Gerard's Recipe

Gérard’s Country Bread

This is a simplified version of the bread Gérard makes in his bakery

For the poolish:
1⁄4 cup spelt and rye, ground from whole grains, sifted
1 2/3 cups of all-purpose white flour
1 2/3 cups plus 1 tablespoon water
1⁄2 teaspoon dry commercial yeast

Mix ground spelt and rye in a bowl with all-purpose white flour. Mix in water and dry commercial yeast. Make sure the temperatures of the flour and water and the kitchen's air temperature are 80 degrees. Mix into a paste, put into a tightly covered tall plastic container, and let ferment for 6 to 8 hours at 65 degrees or 4 hours at 80 degrees.

For the dough
3 3⁄4 cups all-purpose white flour
1⁄4 cup ground rye and spelt, mixed (half of each)
2 3⁄4 cups water
2 tablespoons sea salt

Once the poolish has sat for the required time, combine all-purpose white flour with ground rye and spelt. Quickly mix in by hand all the water. Compact the mixture and cover with a plastic sheet. Let it sit for 30 to 45 minutes at 70 to 80 degrees.

Next, incorporate the poolish into the flour and water mixture, kneading for about 10 minutes. Make sure to just stretch the dough as you knead, rather than pulling or tearing it. When the surface is smooth and shiny, form the dough into a ball. Sprinkle the surface with sea salt and mix again for 5 minutes. Place in a bowl and cover with a clear plastic bag or lid. Let it rise for 1 hour at 70 degrees.

After 1 hour, punch the dough down. Divide the dough into three equal pieces, shape into balls, and let rise again, covered, for 30 minutes. Flatten to let the gas escape, round the dough into a baguette shape, and let it rise a third and final time for 1 to 1 1⁄2 hours. Make four light slits in the surface, dust the surface with flour and place in preheated oven. Bake at 450 degrees for about 20 minutes or until golden brown.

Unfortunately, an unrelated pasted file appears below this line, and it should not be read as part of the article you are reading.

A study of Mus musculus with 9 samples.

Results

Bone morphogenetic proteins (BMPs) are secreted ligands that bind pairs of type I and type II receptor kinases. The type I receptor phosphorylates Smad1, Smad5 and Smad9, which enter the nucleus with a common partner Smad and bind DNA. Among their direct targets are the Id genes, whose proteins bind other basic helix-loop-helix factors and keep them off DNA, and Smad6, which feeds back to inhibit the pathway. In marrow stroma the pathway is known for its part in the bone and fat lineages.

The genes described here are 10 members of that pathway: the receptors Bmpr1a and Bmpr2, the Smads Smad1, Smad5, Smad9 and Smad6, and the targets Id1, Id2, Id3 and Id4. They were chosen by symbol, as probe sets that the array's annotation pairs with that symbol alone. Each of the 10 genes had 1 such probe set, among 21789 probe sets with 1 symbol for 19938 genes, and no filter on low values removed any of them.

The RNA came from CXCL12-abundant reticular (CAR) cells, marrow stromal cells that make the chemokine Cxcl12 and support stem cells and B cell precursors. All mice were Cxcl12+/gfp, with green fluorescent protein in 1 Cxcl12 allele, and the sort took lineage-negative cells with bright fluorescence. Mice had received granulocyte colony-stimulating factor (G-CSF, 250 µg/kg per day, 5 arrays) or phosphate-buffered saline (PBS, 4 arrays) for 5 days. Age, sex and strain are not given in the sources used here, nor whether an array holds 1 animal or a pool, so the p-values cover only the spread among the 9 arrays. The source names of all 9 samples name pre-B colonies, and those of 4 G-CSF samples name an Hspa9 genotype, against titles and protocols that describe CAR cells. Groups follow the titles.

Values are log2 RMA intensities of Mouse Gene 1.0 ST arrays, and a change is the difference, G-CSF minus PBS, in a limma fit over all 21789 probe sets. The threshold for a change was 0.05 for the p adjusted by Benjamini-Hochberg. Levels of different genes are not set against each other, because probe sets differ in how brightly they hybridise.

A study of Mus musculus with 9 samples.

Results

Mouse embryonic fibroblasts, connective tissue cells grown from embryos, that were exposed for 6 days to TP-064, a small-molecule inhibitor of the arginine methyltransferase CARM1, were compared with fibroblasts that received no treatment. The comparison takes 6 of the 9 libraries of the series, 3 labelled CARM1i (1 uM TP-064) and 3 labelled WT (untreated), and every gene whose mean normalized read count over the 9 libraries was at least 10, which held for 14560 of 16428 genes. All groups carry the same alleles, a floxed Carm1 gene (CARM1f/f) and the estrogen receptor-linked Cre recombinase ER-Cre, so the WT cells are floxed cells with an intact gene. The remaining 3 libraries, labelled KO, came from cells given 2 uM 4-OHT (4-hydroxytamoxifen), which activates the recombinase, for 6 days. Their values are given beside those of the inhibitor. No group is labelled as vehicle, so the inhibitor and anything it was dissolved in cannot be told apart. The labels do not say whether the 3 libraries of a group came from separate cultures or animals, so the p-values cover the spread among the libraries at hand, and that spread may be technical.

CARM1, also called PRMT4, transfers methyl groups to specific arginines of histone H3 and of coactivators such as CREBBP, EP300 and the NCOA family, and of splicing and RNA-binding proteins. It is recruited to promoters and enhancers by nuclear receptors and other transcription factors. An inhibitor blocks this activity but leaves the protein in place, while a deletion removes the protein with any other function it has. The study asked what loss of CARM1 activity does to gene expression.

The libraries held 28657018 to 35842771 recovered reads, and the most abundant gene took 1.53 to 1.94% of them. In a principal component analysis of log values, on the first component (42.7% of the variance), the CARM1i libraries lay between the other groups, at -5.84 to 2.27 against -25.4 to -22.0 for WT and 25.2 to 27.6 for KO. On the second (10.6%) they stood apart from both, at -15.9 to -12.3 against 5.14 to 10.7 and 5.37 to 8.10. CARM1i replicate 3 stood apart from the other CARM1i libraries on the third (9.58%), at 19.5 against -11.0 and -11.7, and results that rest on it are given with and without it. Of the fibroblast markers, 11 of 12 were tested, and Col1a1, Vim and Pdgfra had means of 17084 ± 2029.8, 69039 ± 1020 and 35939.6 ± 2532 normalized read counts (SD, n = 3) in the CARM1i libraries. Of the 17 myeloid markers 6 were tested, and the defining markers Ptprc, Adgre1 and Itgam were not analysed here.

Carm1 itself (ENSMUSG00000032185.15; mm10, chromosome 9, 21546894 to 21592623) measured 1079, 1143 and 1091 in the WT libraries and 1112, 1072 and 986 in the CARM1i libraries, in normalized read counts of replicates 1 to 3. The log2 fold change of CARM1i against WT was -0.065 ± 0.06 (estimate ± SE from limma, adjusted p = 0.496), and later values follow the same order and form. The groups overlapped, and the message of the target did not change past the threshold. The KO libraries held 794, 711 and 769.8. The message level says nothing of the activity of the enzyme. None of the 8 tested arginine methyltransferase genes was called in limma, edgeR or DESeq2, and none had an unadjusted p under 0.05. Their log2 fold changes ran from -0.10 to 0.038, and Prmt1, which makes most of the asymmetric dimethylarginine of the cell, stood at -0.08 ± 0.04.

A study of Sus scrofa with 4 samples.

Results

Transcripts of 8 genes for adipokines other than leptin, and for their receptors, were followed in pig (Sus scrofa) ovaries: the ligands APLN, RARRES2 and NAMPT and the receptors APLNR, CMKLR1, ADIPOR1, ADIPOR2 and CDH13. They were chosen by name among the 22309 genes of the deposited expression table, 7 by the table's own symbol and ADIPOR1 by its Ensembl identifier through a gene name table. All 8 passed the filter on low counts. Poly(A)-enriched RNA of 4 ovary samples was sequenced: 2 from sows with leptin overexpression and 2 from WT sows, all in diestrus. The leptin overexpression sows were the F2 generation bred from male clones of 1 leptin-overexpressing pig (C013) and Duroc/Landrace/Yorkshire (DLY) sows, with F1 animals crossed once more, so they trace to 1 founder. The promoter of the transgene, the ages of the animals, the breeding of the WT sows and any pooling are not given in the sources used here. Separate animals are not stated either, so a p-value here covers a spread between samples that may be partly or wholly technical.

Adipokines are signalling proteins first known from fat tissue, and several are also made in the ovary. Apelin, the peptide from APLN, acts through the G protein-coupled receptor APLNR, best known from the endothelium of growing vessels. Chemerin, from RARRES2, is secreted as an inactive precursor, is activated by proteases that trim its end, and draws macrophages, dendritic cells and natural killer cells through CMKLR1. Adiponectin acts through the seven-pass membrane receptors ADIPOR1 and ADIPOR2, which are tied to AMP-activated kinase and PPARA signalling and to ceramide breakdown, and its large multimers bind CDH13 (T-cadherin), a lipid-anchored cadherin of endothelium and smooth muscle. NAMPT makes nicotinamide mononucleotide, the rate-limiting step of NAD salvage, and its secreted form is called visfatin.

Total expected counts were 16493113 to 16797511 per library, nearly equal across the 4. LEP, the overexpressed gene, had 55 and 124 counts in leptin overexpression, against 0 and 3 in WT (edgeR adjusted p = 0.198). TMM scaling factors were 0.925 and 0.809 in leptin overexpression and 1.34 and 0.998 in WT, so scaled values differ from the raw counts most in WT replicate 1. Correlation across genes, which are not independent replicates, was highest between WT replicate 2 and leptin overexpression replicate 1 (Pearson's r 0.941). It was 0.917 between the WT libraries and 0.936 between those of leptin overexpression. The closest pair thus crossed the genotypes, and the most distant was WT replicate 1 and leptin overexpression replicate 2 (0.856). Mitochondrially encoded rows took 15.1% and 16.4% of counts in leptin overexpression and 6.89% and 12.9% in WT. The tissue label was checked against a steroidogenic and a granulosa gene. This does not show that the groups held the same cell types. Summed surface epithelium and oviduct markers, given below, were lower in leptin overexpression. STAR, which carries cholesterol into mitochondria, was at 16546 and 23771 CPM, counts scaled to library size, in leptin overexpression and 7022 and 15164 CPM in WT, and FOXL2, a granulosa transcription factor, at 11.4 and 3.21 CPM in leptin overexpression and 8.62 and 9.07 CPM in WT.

Cindy

Is that really the correct amount of water for that amount of flour in the dough?

Rita

I had the same question as Cindy. I had to add a lot more flour to make this recipe work. It did turn out fine, but I'm wondering what the real corrected recipe would be. Thanks

Albert

My kitchen aid can handle six cups of flour total so I've cut back on the water.

I've yet to get the large glossy voids in the bread that Gerard produces.

How can I learn directly from Monsieur Gerard?

In the meantime I'm working on copying and modifying. Could it be that there's a missing ingredient like glutten?


Albert

Rich

In regard in the amount of water in the recipe, it is correct, this baking method incorporates the idea that all the flour shoud be well Hydrated prior to mixing in the starter and completing the Kneading.Note the instruction after mixing flour and water "let the mixture sit for 30-40 minutes. Yes the dough is wetter than your average dough,but this is to be expected.
This recipe is based in the bread making theory of High Hydration. (Straight from one of Gerard's baking students)

Karl

I can't believe this comment has been let stand unanswered for 2 years! No bakers read this? The proportions are not correct. Full hydration calls for water:flour of 75-85% by weight. This recipe calls for something close to 130%, which isn't slack dough, it isn't even batter, it would be more like flour soup. Furthermore, salt seems to be 4% of flour, twice customary.
Poolish is generally equal parts water and flour by weight, not volume. Gérard, himself, though he calls it a poolish, uses a firm levain with hydration < 60%. The final dough hydration ends up close to 80%.